Characteristics of Preaching from Peter – Part 2

Continuing from Part 1.

II. Preaching is an Act of Making Knowledge Known (v. 14b)

“Let this be known to you.” In Greek that is in imperative.

There is a vast difference between having to say something versus having something to say. Preaching is not an act of having to say something. It is having something to say because that something has the preacher. That something has possessed the preacher. And that something is the revelation of God’s knowledge.

III. Preaching is Pleading to Pay Close Attention to the Word (v. 14c)

“Give heed to my words.” In Greek this too is in imperative.

When a preacher is preaching, he is actually proclaiming what God says in His Word and what God means by what is stated. In all reality, preacher proclaims in behalf of God. And such task is daunting (cf. Jeremiah 23:9-40).

In his book The Integrity Crisis, Warren Wiersbe writes, “The wrong kinds of preachers have created the wrong kinds of Christians by declaring the wrong kinds of message, compelled by the wrong motives” [Warren W. Wiersbe, The Integrity Crisis (Nashville: Oliver Nelson, 1991), 61].<!–[if !supportFootnotes]–>[1]<!–[endif]–>

When Peter pleaded the people to give heed to his words, he is not asking the people to listen to his opinions or what he thinks God is saying or what he feels God is saying, or other subjective statements. Rather, he is urging to listen to him because he is about to speak in behalf of God (i.e., God’s Word) and that his proclamation is in essence God’s proclamation.

IV. Preaching is Apologetic (v. 15)

Here the word apologetic does not mean “expressing an apology or excuse.” Peter is not saying he’s sorry or apologizing for their drunken-like behavior (v. 13). Rather, here the word apologetic means “a formal defense.” In his sermon Peter is making a formal defense against such accusation of verse 13. As a matter of fact, his sermon begins with such an emphatic statement in verse 15 “For these men are not drunk, as you suppose…”

As many of you know, preaching is stating what it is. But when you add an apologetic component to it, you also need to state what it is not. For Peter, his sermon begins with a negative statement – “these men are not drunk.” That is stating what it is not.

In my preaching, I often like to define or describe what it is not before stating what it is. For example, few weeks ago when I was preaching about what church is, I gave a list of what church is not. And when preaching the first beatitude (i.e., Matt. 5:3), before explaining what “poor in spirit” means, I gave a list of what it does not mean. Hence that is one component of apologetic preaching.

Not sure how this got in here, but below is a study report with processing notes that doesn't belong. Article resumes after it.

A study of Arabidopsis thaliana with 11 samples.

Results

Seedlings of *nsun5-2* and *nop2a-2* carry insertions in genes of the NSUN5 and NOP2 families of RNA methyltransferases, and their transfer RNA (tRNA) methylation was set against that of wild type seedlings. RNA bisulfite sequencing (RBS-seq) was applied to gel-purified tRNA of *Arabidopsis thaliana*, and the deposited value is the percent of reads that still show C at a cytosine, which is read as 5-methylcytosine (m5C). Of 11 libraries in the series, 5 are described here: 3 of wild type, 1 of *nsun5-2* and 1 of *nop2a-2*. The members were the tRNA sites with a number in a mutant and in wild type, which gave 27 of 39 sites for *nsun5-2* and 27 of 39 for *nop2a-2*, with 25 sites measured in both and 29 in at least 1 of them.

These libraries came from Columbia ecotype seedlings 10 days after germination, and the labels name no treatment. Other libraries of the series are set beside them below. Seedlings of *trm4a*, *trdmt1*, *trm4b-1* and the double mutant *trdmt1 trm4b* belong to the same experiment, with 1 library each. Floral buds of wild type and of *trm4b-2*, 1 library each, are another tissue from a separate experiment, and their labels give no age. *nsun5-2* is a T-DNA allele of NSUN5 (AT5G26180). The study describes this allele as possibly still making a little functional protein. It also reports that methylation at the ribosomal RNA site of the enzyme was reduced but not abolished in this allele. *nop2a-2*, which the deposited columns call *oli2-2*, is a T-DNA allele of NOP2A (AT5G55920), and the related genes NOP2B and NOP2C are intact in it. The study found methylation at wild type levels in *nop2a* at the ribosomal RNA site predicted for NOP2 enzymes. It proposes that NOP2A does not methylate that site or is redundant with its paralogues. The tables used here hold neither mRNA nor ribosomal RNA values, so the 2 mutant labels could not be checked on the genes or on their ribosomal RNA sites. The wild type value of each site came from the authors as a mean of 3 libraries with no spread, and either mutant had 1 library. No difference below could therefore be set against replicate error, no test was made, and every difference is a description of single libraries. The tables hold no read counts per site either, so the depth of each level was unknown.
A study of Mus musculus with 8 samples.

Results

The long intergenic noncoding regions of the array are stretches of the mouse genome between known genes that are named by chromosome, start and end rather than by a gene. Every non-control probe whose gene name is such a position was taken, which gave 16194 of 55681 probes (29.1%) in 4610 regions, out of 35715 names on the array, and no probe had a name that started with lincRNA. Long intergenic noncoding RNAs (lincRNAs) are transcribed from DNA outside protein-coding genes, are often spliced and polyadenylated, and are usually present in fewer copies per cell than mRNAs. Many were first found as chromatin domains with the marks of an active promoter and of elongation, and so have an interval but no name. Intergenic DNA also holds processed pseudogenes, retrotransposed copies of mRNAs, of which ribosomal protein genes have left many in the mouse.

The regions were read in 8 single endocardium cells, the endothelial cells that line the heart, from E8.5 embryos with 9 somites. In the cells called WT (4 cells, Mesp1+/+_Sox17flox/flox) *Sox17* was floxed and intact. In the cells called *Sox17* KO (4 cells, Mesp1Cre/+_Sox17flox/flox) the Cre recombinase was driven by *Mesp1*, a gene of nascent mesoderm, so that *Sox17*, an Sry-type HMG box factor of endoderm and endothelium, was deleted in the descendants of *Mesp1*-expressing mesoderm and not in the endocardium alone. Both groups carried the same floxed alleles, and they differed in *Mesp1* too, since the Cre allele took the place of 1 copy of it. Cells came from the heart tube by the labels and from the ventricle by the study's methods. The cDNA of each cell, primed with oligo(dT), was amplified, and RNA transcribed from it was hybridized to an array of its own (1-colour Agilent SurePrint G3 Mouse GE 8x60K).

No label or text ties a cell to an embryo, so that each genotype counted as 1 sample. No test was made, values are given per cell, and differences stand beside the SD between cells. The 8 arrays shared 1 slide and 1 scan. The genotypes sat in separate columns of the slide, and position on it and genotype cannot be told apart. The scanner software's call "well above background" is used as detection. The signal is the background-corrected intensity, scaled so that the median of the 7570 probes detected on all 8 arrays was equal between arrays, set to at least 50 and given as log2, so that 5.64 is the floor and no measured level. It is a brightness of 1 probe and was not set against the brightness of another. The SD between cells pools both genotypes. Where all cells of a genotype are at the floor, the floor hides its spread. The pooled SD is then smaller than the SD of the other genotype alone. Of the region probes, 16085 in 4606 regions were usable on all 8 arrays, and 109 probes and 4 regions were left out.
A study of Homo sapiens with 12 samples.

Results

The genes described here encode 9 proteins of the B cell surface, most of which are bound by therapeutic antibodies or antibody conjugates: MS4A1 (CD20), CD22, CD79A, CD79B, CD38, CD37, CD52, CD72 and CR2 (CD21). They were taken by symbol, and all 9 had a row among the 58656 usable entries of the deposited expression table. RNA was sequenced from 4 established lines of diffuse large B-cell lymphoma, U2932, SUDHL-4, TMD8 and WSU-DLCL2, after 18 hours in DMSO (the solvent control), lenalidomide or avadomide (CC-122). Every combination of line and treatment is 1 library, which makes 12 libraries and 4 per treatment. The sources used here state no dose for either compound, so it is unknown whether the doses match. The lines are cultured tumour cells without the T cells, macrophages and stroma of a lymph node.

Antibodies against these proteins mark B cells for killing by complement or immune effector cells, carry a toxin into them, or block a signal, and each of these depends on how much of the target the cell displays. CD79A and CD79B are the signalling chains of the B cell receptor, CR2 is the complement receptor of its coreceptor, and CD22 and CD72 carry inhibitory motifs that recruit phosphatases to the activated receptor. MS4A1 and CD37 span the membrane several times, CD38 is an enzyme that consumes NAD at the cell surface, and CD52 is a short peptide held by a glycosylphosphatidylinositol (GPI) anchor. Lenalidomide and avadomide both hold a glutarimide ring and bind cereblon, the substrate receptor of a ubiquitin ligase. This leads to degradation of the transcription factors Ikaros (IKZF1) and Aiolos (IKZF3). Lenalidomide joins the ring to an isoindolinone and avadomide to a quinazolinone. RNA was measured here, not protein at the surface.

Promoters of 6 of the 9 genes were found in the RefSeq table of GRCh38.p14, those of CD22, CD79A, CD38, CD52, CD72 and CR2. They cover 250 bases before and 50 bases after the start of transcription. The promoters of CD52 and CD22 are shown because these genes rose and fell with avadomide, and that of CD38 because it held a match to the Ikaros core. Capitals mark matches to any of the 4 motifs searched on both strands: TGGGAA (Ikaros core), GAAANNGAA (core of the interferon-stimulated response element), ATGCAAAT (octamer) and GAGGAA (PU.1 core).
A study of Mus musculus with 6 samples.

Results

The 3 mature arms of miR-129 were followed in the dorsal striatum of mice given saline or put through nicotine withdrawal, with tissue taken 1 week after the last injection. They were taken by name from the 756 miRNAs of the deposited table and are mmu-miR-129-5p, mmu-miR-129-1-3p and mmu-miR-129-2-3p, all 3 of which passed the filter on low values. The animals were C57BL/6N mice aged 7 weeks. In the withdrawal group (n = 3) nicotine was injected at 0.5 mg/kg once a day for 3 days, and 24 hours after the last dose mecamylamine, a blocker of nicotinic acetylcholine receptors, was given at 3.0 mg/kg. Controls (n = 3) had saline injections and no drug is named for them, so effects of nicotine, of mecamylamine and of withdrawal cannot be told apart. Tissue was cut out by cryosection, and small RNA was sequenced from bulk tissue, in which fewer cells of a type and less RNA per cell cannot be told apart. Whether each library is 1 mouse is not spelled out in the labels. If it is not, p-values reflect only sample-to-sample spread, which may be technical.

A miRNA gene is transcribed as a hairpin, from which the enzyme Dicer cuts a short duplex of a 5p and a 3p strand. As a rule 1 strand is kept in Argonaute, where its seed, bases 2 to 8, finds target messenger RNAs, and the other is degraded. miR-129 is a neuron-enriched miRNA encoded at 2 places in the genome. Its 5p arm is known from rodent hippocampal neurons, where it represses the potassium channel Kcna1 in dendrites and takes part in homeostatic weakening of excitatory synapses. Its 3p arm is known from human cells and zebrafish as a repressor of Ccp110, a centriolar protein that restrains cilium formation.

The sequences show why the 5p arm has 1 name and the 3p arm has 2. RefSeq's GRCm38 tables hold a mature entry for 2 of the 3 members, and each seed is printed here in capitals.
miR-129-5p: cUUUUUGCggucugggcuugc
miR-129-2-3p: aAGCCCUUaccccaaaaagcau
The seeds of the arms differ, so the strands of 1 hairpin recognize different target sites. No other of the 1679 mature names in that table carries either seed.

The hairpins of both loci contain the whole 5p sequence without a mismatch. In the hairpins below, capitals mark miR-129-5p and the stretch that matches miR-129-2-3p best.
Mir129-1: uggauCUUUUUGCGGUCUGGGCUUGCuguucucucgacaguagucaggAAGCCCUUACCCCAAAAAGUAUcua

Another component of apologetic preaching is identifying and confronting false presupposition. Peter says, “For these men are not drunk, as you suppose.” Hence Peter is identifying and confronting their false supposition.

A nature of preaching is to identify and to confront false thinking and/or sinful thinking or unhealthy imagination.

  • NAU 2 Corinthians 10:4 for the weapons of our warfare are not of the flesh, but divinely powerful for the destruction of fortresses. 5 We are destroying speculations and every lofty thing raised up against the knowledge of God, and we are taking every thought captive to the obedience of Christ,

But preaching is not just that. A nature of preaching is also to correct and educate. However, before correction and edification can take place, there has to be identification and confronting false or unhealthy presupposition and ideologies. And how does the preacher do that? Again, with Scripture. “All Scripture is inspired by God and profitable for teaching, for reproof, for correction, for training in righteousness” (2 Tim. 3:16).

Another component of apologetic preaching is utilizing good, reasonable, and logical arguments. Here Peter’s argument is that these men are not drunk as they suppose because “it is only the third hour of the day (9 a.m.).”

V. Preaching is Proclamation of the Explanation of the Bible (v. 16)

“This is what was spoken of through the prophet Joel.”

Simply, preaching that does not explain the Bible is not preaching (cf. Nehemiah 8:1-4a, 5, 6, 7b-8, 9b, 12, 13b).

Stay tune for Part 3.

Warren W. Wiersbe, The Integrity Crisis (Nashville: Oliver Nelson, 1991), 61.